By Anthony Rubinich
On July 4th 1776, the American colonies declared independence from Great Britain. In 2016, the island territory of Puerto Rico is fighting for a different kind of independence. As the Revolutionary War was fought with bayonets and muskets, Puerto Rico’s fight for financial independence is being fought with words and money. Unfortunately, this a fight that our island neighbor is losing.
On June 30th, the Senate passed a bill to help the Puerto Rico government manage its insurmountable amount of debt. The Puerto Rico Oversight, Management, and Economic Stability Act, or PROMESA, passed through the Senate by a vote of 68 to 30. Though President Obama signed PROMESA with no hesitation, the island’s long, arduous rehabilitation process has only just begun. It will take decades of effective governance to get Puerto Rico back on track.
So how did it happen? How did Puerto Rico dig itself a $70 billion hole it can’t get out of? It didn’t just happen overnight.
The PR has been a territory of the United States since 1952. As a territory, Puerto Rico receives assistance, but it doesn’t have the sovereignty of a state. While it has had the benefits of being a US territory, the PR has not had a legitimate economy since the early 1970’s.
Corporate tax breaks designed to spur the economy expired in 2006. As a result, manufacturing and other businesses left the island. Since 2006, the government borrowed money by issuing municipal bonds to compensate for decreasing revenue and prevent mass layoffs. The collapse of the housing market in 2007 also hurt the Commonwealth’s economy. As more and more businesses left the island, the PR responded by borrowing more and more money, not just from the U.S. government, but from U.S. investors. Mutual funds have looked to bonds issued by the PR government to find high yielding offerings during a period of discounted interest rates.
The struggling economy led many people to leave the island. Between 2010 and 2013, roughly 144,400 residents emigrated in search of better paying jobs. “A mass exodus of workers, retirees and entire families has shrunk the PR’s population by more than 9%,” says Wall Street Journal reporter, Nick Tamiraos.
The government has closed nearly 10% of schools for defaulting on their payments. With nurses and doctors leaving the PR, hospitals are closing their doors as well. “The strains on public health infrastructure have made it more difficult for the island to combat an outbreak of the Zika virus,” says Daniel Marans, reporter for the Huffington Post. Hospitals that could not pay their electric bills got their power turned off. There are even stories of hospital staffs rushing to finish surgeries on time before power lines were cut.
With a colossal debt, shrinking workforce, and inefficient cash –flow, it was only a matter of time before the island would become insolvent. In a press conference almost a year ago, Governor Garcia Padilla admitted, “The debt is not payable.”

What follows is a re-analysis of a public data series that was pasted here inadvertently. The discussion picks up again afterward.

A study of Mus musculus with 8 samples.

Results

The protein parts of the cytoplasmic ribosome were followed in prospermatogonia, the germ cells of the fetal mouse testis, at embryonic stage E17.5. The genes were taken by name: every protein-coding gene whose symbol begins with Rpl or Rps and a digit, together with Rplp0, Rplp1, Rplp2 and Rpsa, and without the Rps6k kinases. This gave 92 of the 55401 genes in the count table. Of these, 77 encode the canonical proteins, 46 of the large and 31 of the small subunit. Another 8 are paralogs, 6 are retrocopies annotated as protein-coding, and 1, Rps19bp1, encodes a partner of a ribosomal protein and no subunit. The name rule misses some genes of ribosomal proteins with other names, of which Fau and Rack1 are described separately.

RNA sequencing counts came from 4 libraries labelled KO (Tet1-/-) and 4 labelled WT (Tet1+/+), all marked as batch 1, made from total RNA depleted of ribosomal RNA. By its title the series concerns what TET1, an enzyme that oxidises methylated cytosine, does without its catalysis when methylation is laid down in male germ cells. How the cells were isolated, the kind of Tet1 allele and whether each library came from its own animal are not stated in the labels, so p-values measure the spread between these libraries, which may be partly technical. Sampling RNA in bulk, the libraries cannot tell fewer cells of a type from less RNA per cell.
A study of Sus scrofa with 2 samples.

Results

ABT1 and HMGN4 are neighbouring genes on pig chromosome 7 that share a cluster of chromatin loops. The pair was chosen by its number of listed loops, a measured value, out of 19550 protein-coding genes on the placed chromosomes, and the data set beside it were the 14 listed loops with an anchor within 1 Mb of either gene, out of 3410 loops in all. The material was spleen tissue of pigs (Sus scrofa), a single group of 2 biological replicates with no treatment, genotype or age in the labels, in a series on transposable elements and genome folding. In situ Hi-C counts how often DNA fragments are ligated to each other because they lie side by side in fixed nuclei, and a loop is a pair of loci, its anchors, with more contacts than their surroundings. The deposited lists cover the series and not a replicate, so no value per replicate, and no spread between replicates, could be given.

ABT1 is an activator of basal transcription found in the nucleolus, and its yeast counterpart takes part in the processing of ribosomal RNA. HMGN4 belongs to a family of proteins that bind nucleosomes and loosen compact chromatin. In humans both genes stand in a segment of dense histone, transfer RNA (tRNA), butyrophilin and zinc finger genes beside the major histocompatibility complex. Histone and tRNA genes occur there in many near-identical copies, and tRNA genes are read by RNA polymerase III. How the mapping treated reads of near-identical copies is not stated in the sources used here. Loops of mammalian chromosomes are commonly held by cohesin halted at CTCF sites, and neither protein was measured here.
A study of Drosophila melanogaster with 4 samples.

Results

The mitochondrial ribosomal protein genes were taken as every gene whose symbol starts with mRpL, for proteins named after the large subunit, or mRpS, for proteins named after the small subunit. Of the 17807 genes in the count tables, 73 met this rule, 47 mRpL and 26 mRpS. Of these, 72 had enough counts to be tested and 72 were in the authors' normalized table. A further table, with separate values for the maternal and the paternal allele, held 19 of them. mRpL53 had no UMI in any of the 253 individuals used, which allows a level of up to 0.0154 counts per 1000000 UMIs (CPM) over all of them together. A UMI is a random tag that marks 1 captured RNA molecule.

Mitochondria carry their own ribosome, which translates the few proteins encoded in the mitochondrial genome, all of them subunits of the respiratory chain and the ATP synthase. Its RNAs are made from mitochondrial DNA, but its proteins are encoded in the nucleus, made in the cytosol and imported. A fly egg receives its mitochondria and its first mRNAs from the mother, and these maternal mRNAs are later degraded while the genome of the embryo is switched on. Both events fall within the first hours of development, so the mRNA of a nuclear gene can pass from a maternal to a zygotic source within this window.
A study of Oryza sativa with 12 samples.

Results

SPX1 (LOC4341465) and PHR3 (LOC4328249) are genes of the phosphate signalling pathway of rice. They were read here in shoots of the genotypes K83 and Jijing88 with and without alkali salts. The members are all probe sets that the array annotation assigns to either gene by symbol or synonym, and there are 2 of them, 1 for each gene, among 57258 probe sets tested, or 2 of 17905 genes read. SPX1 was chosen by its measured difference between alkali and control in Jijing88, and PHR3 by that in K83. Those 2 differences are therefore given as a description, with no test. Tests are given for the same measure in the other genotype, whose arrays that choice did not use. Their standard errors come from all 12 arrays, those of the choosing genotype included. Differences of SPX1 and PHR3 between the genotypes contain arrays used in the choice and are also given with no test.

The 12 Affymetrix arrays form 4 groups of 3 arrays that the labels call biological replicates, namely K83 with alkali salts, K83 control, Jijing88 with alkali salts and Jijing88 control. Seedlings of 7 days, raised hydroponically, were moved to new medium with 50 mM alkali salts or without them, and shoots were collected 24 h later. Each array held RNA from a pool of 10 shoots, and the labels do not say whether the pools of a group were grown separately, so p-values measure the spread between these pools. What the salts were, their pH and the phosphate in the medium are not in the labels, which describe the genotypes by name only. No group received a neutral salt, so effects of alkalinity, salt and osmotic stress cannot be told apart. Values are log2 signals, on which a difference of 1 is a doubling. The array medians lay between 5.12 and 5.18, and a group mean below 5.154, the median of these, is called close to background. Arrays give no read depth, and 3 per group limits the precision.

“For me it is difficult to understand that people are questioning how severe the financial crisis is,” says José Javier Colon, University of Puerto Rico
On July 1st, the PR government defaulted on two huge bond payments. The first time since 1933 that a state or territory has failed to pay its general obligation bonds on time. Currently, Puerto Rico’s debt stands at $73 billion. That’s more debt than Detroit incurred when the city declared bankruptcy in 2013. A large portion of the PR’s debt has been absorbed by vulture funds. These “vultures” are hedge funds who buy debt from companies, countries, and individuals who have become insolvent. These hedge funds have made a killing off Puerto Rico’s fall from grace. A similar episode occurred in 2001 with debt issued by Argentina
So why doesn’t the island just declare bankruptcy like Detroit?
Loopholes and caveats in the legal system have effectively blackballed the PR. As a commonwealth of the United States, Puerto Rico cannot declare bankruptcy or restructure its debt without congressional approval. Furthermore, the same hedge funds that are profiting from the commonwealth’s demise have lobbied against sending relief and granting bankruptcy powers to the island.
How will Puerto Rico’s debt crisis effect the rest of the United States?
General consensus is that the PR is of no immediate economic danger to the rest of the US. The biggest threat the debt crisis poses is the vulnerability of individual investors, mutual funds, and other financial institutions who have invested in the territory’s municipal bonds.
In the face of economic disasters or political events around the world, there is a tendency for people to want to care about America first and no one else. Everyone is entitled to their opinion, but Puerto Rico is not some distant land or a mere tourist attraction, it is an island with its own people and culture right in our own backyard.